Meati Foods, a recent startup based in a brewery-like space in Boulder, CO, is doing something other plant-based food manufacturers can only dream about: making plant-based versions of steak and chicken breast.
Well, not exactly plant-based; make that fungus-based.
Wait! Don’t stop reading! Here’s one time when fungus is our friend, the basis of whole cuts of vegan steaks and chicken breast that look and taste like their real-meat counterparts. At least for now, Beyond Meat and Impossible Foods can only look on with envy.
The Meat Is the Mycelium
Mycelium, the fungal part of mushrooms (think of the mycelium as the root and the mushroom as the flower), is the basis of Meati’s unique “meat-growing” process. Not only is it capable of naturally replicating real meat’s texture and all-important taste, but it also grows amazingly fast during fermentation processing, so Meati has plans to make a lot of its products in a very short time.
The mycelium “brewing” in Meati’s fermentation tanks grows so fast, the tanks fill up overnight. “The particular strain that we use is one of the fastest-growing organisms on the planet,” says Tyler Huggins, CEO and co-founder of Emergy Foods, Meati’s parent company.
After fermentation, next steps include a proprietary process Huggins can’t discuss, but the company says that after the fibers are harvested, they are drained of water and mixed with natural ingredients that include vegetables before being shaped into the forms of steak and chicken breast.
Mycelium grows in long fibrous strands that Huggins says “are similar to muscle strands in products like steaks and chicken breasts. That’s very difficult to replicate with plant-based proteins…That’s why you see mostly ground [meat vegan] products. …We have that natural fibrous structure, and so that gives you the mouth-feel of whole-muscle products.”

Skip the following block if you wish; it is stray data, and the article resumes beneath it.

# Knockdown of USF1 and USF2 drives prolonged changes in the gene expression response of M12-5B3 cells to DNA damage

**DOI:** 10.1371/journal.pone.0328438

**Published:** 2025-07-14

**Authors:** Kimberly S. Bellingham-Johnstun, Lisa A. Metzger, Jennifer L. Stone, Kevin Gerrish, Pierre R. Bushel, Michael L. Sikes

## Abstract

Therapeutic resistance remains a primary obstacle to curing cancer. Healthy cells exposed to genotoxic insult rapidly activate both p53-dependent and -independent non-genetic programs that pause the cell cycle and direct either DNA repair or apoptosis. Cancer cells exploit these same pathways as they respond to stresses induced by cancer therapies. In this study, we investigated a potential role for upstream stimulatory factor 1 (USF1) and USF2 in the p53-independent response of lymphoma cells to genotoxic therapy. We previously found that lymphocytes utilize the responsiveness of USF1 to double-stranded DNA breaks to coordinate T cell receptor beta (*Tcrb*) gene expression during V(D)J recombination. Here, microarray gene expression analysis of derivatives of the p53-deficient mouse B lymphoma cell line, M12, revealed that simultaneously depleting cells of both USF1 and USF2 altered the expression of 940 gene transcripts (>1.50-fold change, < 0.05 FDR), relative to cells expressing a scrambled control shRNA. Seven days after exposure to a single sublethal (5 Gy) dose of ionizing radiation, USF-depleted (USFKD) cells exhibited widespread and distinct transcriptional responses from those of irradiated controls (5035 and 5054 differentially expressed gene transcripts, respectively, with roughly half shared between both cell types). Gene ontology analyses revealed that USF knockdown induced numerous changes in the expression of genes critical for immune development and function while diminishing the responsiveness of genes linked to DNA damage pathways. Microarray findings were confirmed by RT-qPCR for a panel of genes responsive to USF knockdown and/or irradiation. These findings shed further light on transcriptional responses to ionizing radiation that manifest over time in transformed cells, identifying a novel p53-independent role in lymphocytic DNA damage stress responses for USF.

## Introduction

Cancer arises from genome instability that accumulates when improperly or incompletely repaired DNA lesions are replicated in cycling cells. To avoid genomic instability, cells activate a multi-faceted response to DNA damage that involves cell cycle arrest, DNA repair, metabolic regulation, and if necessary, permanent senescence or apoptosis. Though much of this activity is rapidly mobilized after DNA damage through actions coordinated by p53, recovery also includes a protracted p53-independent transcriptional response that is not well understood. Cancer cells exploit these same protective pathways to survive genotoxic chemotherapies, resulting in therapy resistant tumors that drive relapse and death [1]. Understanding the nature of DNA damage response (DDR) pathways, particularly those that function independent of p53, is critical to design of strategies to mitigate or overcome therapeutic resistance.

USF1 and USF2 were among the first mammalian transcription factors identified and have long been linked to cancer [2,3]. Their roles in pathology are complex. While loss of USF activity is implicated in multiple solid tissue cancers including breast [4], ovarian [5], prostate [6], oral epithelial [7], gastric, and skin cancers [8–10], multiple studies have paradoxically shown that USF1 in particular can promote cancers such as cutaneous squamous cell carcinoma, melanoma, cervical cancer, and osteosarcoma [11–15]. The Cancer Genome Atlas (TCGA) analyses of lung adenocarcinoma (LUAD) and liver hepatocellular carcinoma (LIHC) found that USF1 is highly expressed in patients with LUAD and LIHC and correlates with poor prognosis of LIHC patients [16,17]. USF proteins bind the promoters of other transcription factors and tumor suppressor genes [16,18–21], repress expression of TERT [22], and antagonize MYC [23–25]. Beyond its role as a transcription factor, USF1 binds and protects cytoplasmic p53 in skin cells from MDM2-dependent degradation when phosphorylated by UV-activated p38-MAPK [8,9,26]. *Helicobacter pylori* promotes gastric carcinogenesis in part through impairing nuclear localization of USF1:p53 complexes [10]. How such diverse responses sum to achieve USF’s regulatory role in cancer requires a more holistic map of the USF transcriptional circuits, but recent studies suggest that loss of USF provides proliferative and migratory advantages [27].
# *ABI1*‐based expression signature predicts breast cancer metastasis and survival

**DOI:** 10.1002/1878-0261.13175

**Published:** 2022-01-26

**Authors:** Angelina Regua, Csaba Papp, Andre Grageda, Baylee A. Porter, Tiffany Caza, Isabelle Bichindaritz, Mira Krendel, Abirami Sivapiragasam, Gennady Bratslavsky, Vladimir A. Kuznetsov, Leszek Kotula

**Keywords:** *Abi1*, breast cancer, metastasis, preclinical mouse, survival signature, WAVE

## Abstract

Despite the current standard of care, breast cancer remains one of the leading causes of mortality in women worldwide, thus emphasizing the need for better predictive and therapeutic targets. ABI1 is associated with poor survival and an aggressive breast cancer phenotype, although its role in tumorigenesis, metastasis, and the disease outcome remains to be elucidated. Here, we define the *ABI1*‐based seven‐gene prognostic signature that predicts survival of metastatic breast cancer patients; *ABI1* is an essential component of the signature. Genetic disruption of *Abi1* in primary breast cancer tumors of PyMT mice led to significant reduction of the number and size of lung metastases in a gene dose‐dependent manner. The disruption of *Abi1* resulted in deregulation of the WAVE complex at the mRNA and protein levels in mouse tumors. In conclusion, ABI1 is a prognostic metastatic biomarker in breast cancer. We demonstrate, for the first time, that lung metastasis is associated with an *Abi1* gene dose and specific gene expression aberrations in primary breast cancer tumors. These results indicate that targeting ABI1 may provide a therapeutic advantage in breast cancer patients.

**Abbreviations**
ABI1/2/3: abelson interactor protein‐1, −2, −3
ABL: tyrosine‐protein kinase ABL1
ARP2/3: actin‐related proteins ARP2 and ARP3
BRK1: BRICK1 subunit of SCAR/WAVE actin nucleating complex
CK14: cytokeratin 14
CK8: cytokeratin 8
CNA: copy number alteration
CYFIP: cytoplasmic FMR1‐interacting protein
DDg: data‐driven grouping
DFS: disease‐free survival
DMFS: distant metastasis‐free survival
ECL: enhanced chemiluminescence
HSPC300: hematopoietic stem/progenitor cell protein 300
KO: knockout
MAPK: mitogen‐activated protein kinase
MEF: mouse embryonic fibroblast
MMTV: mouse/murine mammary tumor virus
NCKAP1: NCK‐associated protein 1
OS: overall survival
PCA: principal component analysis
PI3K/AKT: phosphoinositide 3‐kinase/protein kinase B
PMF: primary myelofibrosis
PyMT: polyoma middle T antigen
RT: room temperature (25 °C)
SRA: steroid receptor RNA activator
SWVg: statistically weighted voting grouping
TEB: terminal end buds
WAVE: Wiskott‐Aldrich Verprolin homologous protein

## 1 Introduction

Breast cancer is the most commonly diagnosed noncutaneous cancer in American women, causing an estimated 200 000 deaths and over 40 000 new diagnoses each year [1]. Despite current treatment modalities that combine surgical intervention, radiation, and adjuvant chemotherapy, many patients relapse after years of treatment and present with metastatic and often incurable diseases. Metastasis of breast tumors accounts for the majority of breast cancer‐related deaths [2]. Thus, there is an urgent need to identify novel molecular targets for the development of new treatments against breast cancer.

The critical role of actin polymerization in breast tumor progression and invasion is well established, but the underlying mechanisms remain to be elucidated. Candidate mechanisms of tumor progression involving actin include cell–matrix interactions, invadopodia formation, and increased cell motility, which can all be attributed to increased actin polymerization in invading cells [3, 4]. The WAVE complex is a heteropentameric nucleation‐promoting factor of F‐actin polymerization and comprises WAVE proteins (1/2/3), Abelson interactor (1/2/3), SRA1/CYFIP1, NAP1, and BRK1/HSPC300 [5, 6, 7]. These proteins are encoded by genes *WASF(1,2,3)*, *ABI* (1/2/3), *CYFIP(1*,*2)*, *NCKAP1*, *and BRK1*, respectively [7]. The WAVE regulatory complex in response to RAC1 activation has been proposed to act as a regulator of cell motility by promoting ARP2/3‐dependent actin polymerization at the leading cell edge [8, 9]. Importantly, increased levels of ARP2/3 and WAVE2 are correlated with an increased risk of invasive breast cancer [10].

Meati’s mycelium “meat” also meets several goals important to many vegans:
Meati’s Growing Future
Although Meati has successfully developed both steak and chicken breast “meat,” they are concentrating on steak as the first product to go to market. That’s because, like real steak, it will sell at a higher price, an important consideration for a company that’s still producing on a small scale.
They don’t plan to be small for long, however. Huggins is excited about the great amount of food Meati looks forward to producing that can help feed the world nutriciously and deliciously:
“At scale, we could produce the meat equivalent of nearly 4,500 cows overnight using a process that’s over a thousand times more efficient per acre as far as resource use.”
They also anticipate that when they scale up, their costs will go down. That’s important to Meati, too, not only for its bottom line but also for its goal of providing good food for all who need it at prices they can afford, wherever they live.
“We have a mission in our company to provide nutritious, plant-based meat to everyone, forever,” says Higgins. (The FDA classifies the food as plant-based meat even though it’s actually made with fungi.) “What that means is, it has to be affordable to everyone.”
Meati’s marketing plan starts with placing their products on the menus of a limited number of Colorado restaurants and building from there. “We’re setting our standards very high when it comes to quality and taste and texture,” Huggins says. “We want it to be a truly drop-in replacement to animal-based meat products.”
Overall, Meati’s goal is nothing less than hearing, first from restaurants and then from all who consume their steak and chicken products, “We like it. It’s on par with animal protein.”
Huggins sums up: “That’s what we’re going for.”